Deadly attack on Christians at Nigeria’s Bayero University in Kano
Attackers armed with bombs and guns opened fire at church services today (Sunday, April 29, 2012) at a Nigerian university, killing about 20 people as worshippers tried to flee, witnesses and officials said, reports Dan Wooding, who was born in Nigeria, Founder of ASSIST Ministries.
“Explosions and gunfire rocked Bayero University in the northern city of Kano, with witnesses reporting that two church services were targeted as they were being held on campus,” said a report from the AFP news agency.
One of the services was being held outdoors, while the second was inside a building in a lecture theater, but with an overflow audience outside, witnesses said.
Lieutenant Iweha Ikedichi told AFP that it appeared the attackers, who arrived in a car and two motorcycles, used bombs and gunfire in the assault.
A witness told the AFP news agency the attackers had first thrown in explosives and fired shots, “causing a stampede among worshippers,” adding, that “they now pursued them, shooting them with guns. They also attacked another service at the sporting complex.”
Another witness spoke of “pandemonium,” and said he had seen two men shooting indiscriminately.
Officials were unable to confirm casualty figures, but an AFP correspondent counted six bullet-riddled bodies near one of the two sites.
At least another dozen bodies could be seen on a roadside by the university, but the exact number was unclear.
Musical instruments and half-eaten meals could be seen at the site of one of the services.
An army spokesman confirmed the attack but could not provide a casualty toll.
The BBC said in its report, “No group has said it launched the attack, but the violent Islamist Boko Haram group is active in Kano. It has recently attacked churches.”
Mohammed Suleiman, a history lecturer at the university, said security guards had to run for their lives when the violence broke out.
Nigeria's central government has struggled to contain the militant group, which operates mainly in the predominantly Muslim north, but has also struck as far south as the capital, Abuja.
Kano state police spokesman Ibrahim Idris said that by the time police arrived, the attackers had “disappeared into the neighborhood.” A manhunt is under way.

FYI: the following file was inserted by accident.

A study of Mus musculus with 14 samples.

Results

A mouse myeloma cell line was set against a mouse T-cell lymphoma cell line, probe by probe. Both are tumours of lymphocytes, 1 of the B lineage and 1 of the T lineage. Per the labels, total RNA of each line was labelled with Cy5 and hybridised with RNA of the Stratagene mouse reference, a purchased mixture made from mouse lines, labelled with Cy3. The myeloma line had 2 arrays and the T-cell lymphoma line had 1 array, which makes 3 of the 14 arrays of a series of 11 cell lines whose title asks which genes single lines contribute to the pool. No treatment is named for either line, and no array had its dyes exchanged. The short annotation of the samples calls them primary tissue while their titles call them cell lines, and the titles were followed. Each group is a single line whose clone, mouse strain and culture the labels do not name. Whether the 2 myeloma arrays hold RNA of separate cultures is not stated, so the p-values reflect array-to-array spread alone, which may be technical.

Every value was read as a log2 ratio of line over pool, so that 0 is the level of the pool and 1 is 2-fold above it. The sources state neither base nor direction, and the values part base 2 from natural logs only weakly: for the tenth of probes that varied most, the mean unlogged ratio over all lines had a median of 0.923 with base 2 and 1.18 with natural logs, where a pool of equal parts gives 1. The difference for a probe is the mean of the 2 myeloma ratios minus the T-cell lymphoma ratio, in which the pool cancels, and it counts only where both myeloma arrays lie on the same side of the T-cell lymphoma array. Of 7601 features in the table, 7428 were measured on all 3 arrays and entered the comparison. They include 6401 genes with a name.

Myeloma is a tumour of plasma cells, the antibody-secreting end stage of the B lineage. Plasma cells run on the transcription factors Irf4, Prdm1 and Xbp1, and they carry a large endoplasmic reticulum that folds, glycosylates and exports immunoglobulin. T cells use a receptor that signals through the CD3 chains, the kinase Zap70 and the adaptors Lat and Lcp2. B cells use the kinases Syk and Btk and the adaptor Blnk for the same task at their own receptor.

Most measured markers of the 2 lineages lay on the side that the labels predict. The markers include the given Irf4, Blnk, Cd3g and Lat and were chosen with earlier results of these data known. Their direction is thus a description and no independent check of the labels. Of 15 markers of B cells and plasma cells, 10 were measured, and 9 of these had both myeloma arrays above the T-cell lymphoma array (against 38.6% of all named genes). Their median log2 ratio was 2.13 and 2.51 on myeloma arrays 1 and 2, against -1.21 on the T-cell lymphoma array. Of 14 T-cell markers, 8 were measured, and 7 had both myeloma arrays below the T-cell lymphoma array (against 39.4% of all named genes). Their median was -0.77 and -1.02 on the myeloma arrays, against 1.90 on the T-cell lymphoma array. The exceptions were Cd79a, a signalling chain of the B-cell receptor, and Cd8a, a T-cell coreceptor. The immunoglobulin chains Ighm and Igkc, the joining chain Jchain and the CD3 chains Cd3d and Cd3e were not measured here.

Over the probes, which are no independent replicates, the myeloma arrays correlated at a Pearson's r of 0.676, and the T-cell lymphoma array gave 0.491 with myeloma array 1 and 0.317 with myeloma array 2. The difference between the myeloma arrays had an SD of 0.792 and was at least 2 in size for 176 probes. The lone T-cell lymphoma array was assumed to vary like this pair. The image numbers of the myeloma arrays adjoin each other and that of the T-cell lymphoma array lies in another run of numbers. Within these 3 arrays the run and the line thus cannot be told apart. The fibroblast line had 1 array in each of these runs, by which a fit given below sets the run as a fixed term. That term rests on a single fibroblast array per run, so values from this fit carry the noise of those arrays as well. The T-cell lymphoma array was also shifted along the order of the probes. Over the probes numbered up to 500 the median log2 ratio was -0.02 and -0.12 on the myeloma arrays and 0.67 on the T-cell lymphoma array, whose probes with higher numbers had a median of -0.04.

But the situation at the university was now calm, according to the Red Cross spokesman.
Boko Haram carried out a bombing in Kano in January that killed more than 180 people, its deadliest attack to date.
A Red Cross spokesman said adults - possibly professors - and three women were among the casualties. Several needed urgent blood transfusions.
Mark Lobel of BBC News, based in Lagos, said, “Police say small explosives inside soft drink cans were used in the attack on the university campus in Kano - trademarks of the Islamist group of Boko Haram. There are other signs pointing to them - the use of attackers on motorbikes for instance.
“The attack - on an apparent Christian service at an education establishment - would match up to threats the group has made in the past. Their name Boko Haram, translated from the local Hausa language, means ‘Western education is forbidden.’ It is a good reflection on the group.
“Its purported aim is to destabilize the Nigerian state. Following the failure of talks to get the group to relinquish violence, the government in Abuja has conducted a number of crackdowns. But it appears to be unable to confront the group that is attacking Nigeria on a new front almost every week.”
Note from Dan Wooding. My missionary parents, and Alf Wooding, were married in Kano back in 1939, and if they were alive today, they would be appalled with the continuing violence against Christians that has been taking place in both Kano and other cities in Nigeria.